In my first “On Marijuana” column, I described the need to refer to law enforcement as the “Arrest and Prosecution Industry.” While I didn’t plan to return to the same subject in my second column, recent events have compelled me to revisit the topic. My last column was theory; this one is practice.
Just over a week ago, a man named Chris Bartkowicz in Highlands Ranch, Colorado made a questionable (at best) PR move. He agreed to be interviewed by a local television station about his medical marijuana grow operation. Granted, he believed he was in compliance with state law and had no reason to fear prosecution. But, come on, dude. It’s one thing to make six figures growing marijuana in your home for patients; it’s quite another to advertise it on television. It’s like putting a “Home Invasions Encouraged” sign on your door.
What Bartkowicz wasn’t expecting—if he was really thinking things through at all—was that the DEA would show up the next day at his house, take all of his plants, and forward his case to the U.S. Attorney, who subsequently filed charges carrying a 5- to 40-year prison sentence. This, despite the fact that the Obama administration has instructed U.S. Attorneys not to prosecute individuals who comply with state medical marijuana laws.
Was Bartkowicz in compliance with state law? Maybe yes, maybe no. By the DEA’s admission, he was a caregiver for at least 12 patients, which would allow him to have 72 marijuana plants. The complaint—available on this page as a pdf—alleges that he had 224 plants, more than 100 of which were “clones” or “starter” plants; the others were “in various stages with root systems.” So what we are talking about here is a matter of degree. If someone can legally grow marijuana for patients, but exceeds the allowable number—perhaps for fear that some plants would not mature or perhaps because they felt more patients would need help before the plants matured—is it an intelligent use of taxpayer dollars to raid, prosecute and imprison this person for 40 years?
The truth is, as discussed in my last column, the DEA is not concerned with using taxpayer dollars intelligently. They are merely focused on using taxpayer dollars. Cases like this demonstrate that they are no better than ambulance-chasing lawyers. They see an “accident” on television and they run like two-dollar hookers to keep themselves busy and make a couple bucks. Why waste your time investigating people manufacturing meth when you can look up a medical marijuana grower on the Internet (which the DEA acknowledges in their complaint was a major part of their “investigation”) and raid his house?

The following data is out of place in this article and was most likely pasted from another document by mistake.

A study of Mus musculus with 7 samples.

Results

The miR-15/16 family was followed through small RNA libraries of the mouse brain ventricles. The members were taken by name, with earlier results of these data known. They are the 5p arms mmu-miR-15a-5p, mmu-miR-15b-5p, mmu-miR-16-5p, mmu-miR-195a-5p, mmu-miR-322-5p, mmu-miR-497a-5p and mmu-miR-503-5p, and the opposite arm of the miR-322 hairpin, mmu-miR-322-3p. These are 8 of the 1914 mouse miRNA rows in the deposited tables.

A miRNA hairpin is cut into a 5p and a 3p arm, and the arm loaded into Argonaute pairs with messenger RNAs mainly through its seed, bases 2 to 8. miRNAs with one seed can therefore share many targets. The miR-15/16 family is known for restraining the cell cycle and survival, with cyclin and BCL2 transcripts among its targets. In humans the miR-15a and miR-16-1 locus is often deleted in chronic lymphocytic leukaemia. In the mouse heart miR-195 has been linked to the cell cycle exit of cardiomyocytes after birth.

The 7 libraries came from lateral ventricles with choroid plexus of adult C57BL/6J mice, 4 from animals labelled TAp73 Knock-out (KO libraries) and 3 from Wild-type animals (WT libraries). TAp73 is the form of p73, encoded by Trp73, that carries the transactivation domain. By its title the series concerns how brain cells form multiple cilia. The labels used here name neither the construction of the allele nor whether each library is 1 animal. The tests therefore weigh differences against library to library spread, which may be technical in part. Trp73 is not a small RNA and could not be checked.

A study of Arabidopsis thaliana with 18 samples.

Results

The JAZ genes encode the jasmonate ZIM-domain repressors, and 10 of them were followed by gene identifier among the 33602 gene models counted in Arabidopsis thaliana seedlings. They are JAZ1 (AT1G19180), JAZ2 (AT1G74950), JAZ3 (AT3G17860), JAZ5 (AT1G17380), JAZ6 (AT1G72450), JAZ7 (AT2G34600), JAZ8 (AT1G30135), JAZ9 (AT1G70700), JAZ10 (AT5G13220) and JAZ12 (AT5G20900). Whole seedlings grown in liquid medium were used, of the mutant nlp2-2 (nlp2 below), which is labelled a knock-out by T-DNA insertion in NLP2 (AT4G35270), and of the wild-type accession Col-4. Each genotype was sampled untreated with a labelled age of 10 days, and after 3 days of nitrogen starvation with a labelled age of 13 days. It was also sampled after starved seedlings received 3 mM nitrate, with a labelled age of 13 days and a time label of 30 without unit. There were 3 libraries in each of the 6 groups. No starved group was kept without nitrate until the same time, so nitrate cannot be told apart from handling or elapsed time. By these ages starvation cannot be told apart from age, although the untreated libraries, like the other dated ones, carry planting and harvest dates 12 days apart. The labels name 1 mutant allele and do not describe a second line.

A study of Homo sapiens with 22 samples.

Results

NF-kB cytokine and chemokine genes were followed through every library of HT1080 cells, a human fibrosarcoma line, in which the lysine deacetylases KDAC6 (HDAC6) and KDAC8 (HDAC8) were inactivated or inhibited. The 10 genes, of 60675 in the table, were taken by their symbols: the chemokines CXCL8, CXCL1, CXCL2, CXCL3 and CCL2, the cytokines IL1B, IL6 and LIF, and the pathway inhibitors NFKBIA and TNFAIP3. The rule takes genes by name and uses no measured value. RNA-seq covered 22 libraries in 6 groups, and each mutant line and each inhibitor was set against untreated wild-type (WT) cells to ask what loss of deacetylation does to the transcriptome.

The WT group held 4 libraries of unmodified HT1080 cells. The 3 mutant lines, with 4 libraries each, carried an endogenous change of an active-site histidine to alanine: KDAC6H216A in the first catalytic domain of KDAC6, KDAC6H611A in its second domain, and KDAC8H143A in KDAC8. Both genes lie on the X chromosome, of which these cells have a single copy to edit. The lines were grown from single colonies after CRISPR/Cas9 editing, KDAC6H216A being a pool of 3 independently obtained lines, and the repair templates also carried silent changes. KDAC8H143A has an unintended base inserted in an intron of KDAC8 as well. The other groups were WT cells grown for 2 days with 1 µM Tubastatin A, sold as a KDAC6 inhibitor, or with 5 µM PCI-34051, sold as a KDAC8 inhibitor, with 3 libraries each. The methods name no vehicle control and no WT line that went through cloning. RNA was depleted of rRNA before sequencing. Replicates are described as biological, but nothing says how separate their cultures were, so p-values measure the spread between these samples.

And now the media is even helping the DEA advertise for clients. Inciting fears of possible house fires from marijuana growing, the DEA has launched a new campaign to fight this “menace.” In addition to dutifully reporting on this “danger,” the media helped steer business to the DEA by publishing this advice from George Morkovin, of the Denver Fire Department:
Morkovin said additional regulations are needed to protect residents from these marijuana fires, but until that happens, he recommends notifying authorities if someone believes a grow is taking place next door.
How convenient. With this information, the DEA won’t even need to waste time looking up an address. They can just use Google Maps and they’re on their way.
They no longer deserve to be called the Drug Enforcement Administration. They are simply the Drug Employment Administration, keeping themselves busy by raiding people who are not raising the ire of state authorities, but are merely trying to cultivate marijuana so that there is an adequate supply for the tens of thousands of registered patients in the state.
Fortunately, we have rock star advocates like Brian Vincente of Sensible Colorado calling out the DEA and the U.S. Attorney on their true motivations. (This is just one quote from Vicente in an interview in which he simply shreds law enforcement):
“I think the U.S. Attorney and the DEA view marijuana laws as a continuing employment act. It gives them something to do, and they’re afraid that if they were to recognize the will of the voters, they’d be out of work. So I question the motivation for prosecuting these kinds of individuals. I think it’s driven by their own need for job security.”
Steve Fox is the director of state campaigns for the Marijuana Policy Project and the co-author of Marijuana is Safer: So why are we driving people to drink? (Chelsea Green, August 2009).
This article was originally published on <a href=”AlterNet.